Eyelid surgery (blepharoplasty) is cosmetic surgery to remove excess skin or fat from the eyelids.
The aim is to improve hooded or droopy eyelids or eye bags.
Before you go ahead, be sure about your reasons for wanting eyelid surgery. Bear in mind the cost, the risks, and the fact the results can’t be guaranteed.
It’s a good idea to discuss your plans with your GP first. There might be a medical condition affecting your eyelids or a reason why the operation isn’t appropriate for you.
What does it involve?
A blepharoplasty can be done under local anaesthetic with sedation or under general anaesthetic.
The surgeon would need to know about any medicine you may be taking to reduce your risk of blood clots, such as aspirin or warfarin.
Surgery on the upper eyelids generally involves:
Making a cut (incision) along the eyelid crease in the natural skin fold of the eyelid
Removing excess skin, fat or muscle
Closing up the incision – the scar will be hidden in the natural fold of the eyelid
Surgery on the lower eyelids generally involves:
Making an incision either just below the lower lashes or on the inside of the eyelid
Moving or removing fat from the bags under the eyes, and sometimes also a small amount of skin
Supporting the muscles and tendon of the eyelid if necessary
The surgeon will normally apply thin, sticky strips called suture strips to support the eyelids after surgery. These are usually removed up to a week later.
An upper blepharoplasty may take about one hour. Surgery on the lower lid may take up to two hours. Most patients can go home the same day.
It’s advisable to take about a week off work to recover from eyelid surgery.
It may be obvious for a little longer than a week that you’ve just had eyelid surgery.
You won’t be able to drive for a number of days after the operation. Bruises, scars and redness may take several weeks to fade.
You probably need to:
Prop your head up with pillows for a couple of days when resting to reduce the swelling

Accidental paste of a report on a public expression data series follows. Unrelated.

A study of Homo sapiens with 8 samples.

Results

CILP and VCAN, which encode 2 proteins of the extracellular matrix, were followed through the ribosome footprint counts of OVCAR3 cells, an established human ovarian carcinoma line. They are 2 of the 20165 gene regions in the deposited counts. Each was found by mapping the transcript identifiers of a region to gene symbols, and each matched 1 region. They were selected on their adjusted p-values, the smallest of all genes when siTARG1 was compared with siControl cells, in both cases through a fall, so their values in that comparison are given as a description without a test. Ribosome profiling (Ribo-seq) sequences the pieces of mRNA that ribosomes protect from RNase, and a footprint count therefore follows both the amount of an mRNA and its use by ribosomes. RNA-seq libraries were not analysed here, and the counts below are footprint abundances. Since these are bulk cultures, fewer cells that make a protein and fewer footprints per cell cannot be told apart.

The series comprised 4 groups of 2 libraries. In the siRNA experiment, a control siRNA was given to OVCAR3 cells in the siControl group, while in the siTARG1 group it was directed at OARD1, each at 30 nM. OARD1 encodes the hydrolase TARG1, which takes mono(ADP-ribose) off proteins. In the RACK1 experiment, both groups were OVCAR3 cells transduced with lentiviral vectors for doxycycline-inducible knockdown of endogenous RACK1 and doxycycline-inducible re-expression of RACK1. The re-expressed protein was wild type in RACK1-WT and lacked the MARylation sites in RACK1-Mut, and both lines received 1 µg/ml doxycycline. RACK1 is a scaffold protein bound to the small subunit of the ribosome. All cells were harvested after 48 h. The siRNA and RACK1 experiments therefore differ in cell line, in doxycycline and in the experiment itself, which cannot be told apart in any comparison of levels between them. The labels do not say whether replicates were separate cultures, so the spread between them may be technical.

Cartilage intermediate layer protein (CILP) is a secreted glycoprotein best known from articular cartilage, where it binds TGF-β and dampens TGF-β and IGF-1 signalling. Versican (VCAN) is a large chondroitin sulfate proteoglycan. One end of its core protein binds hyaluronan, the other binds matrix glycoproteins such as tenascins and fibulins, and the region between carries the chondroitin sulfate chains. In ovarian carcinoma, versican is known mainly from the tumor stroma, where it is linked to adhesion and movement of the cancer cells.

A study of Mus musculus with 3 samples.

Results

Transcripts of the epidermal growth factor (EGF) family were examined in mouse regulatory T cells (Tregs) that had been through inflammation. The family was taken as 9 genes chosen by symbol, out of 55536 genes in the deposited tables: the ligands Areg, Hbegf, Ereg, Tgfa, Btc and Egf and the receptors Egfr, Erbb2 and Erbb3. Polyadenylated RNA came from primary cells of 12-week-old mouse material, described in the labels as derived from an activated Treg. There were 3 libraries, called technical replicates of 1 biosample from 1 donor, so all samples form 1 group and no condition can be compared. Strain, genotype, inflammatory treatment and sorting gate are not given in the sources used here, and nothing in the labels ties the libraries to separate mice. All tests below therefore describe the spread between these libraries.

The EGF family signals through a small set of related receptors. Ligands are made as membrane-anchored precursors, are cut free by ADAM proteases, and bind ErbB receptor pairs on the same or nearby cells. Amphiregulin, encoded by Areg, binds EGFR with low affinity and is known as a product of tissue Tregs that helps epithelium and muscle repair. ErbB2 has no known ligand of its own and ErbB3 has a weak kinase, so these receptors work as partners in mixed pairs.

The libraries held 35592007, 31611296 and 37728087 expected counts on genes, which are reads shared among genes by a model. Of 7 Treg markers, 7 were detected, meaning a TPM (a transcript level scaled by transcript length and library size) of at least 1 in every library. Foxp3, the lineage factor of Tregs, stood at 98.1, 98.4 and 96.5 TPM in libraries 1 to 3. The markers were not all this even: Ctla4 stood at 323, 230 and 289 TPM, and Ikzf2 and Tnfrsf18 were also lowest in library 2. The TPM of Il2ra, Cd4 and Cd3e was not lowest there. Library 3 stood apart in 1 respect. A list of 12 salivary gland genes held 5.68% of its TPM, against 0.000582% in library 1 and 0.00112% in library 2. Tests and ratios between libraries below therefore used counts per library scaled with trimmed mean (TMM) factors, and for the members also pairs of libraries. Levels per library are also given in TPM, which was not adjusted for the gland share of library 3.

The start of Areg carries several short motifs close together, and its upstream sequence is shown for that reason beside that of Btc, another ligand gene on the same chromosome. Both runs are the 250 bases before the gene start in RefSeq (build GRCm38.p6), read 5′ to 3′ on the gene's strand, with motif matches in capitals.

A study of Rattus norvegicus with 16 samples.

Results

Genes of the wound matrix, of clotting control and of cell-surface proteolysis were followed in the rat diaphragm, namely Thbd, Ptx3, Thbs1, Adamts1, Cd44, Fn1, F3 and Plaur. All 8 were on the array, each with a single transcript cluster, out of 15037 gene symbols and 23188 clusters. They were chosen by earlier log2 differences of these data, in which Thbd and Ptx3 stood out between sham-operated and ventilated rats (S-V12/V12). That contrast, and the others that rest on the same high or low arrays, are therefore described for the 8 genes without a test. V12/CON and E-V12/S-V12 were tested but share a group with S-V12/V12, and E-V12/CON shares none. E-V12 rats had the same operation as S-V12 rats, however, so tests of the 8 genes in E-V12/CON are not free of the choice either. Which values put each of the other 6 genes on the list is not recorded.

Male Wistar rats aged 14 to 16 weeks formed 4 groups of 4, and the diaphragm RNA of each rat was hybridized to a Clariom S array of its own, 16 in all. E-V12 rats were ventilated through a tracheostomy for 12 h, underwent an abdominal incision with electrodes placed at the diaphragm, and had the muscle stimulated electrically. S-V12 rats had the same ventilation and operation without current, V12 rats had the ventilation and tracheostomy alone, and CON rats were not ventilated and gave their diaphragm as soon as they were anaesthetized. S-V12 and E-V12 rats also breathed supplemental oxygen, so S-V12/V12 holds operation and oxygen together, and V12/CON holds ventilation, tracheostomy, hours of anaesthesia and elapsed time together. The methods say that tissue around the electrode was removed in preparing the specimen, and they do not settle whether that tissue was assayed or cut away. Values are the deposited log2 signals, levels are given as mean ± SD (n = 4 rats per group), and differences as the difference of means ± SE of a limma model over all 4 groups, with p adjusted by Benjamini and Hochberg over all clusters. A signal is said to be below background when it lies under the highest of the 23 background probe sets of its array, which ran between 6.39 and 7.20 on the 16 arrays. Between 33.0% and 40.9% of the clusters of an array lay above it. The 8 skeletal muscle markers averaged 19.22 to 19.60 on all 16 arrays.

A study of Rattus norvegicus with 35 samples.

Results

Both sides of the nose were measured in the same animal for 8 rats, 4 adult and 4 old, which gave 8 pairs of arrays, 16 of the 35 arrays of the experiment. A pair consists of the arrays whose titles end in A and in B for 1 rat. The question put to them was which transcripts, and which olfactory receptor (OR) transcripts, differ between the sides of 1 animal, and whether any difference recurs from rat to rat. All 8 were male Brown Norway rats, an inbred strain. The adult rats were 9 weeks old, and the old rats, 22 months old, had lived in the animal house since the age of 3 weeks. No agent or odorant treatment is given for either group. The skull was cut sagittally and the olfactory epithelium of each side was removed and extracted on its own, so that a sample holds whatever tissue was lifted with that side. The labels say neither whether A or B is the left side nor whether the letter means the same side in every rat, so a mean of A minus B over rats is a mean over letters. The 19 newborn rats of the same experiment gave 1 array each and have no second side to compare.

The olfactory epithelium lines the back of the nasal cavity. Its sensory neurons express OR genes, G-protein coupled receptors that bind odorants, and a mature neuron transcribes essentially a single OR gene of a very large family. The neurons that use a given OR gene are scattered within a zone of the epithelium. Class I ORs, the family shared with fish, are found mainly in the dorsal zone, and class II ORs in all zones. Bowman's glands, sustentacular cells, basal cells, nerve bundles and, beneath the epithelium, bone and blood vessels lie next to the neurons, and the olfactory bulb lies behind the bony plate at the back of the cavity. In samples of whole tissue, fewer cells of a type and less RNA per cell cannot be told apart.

Gently clean your eyelids using prescribed ointment or eyedrops
Hold a cold pack to your eye for a few days – try a pack of frozen peas wrapped in a tea towel
Wear sunglasses to protect your eyes from the sun and wind
Take paracetamol or another prescribed painkiller to relieve any mild pain
You should avoid:
Strenuous activity and swimming for a few days
Contact lenses and rubbing the eyes
Side effects to expect
It’s common after eyelid surgery to temporarily have:
Puffy, numb eyelids that are difficult to close at night
Irritated, sensitive or watery eyes – this may last a few weeks
Bruising that looks like a black eye
Pink scars – these eventually fade to almost be invisible
What could go wrong
Eyelid surgery can occasionally result in:
Temporary blurred or double vision
Your eyes looking slightly asymmetrical
A pool of blood collecting under the skin (haematoma) – this usually disappears on its own after a few weeks
Rarely, it can result in more serious problems, including:
The lower eyelid drooping away from the eye and turning outwards (ectropion)
The lower eyelid becoming pulled down and showing the white of the eye below the iris (eyelid retraction)
Blindness – this is extremely rare
Also, any type of operation carries a small risk of:
Developing a blood clot in a vein
An allergic reaction to the anaesthetic
The surgeon should explain how likely these risks and complications are, and how they would be treated if they occurred.
Occasionally, patients find the desired effect wasn’t achieved and feel they need another operation.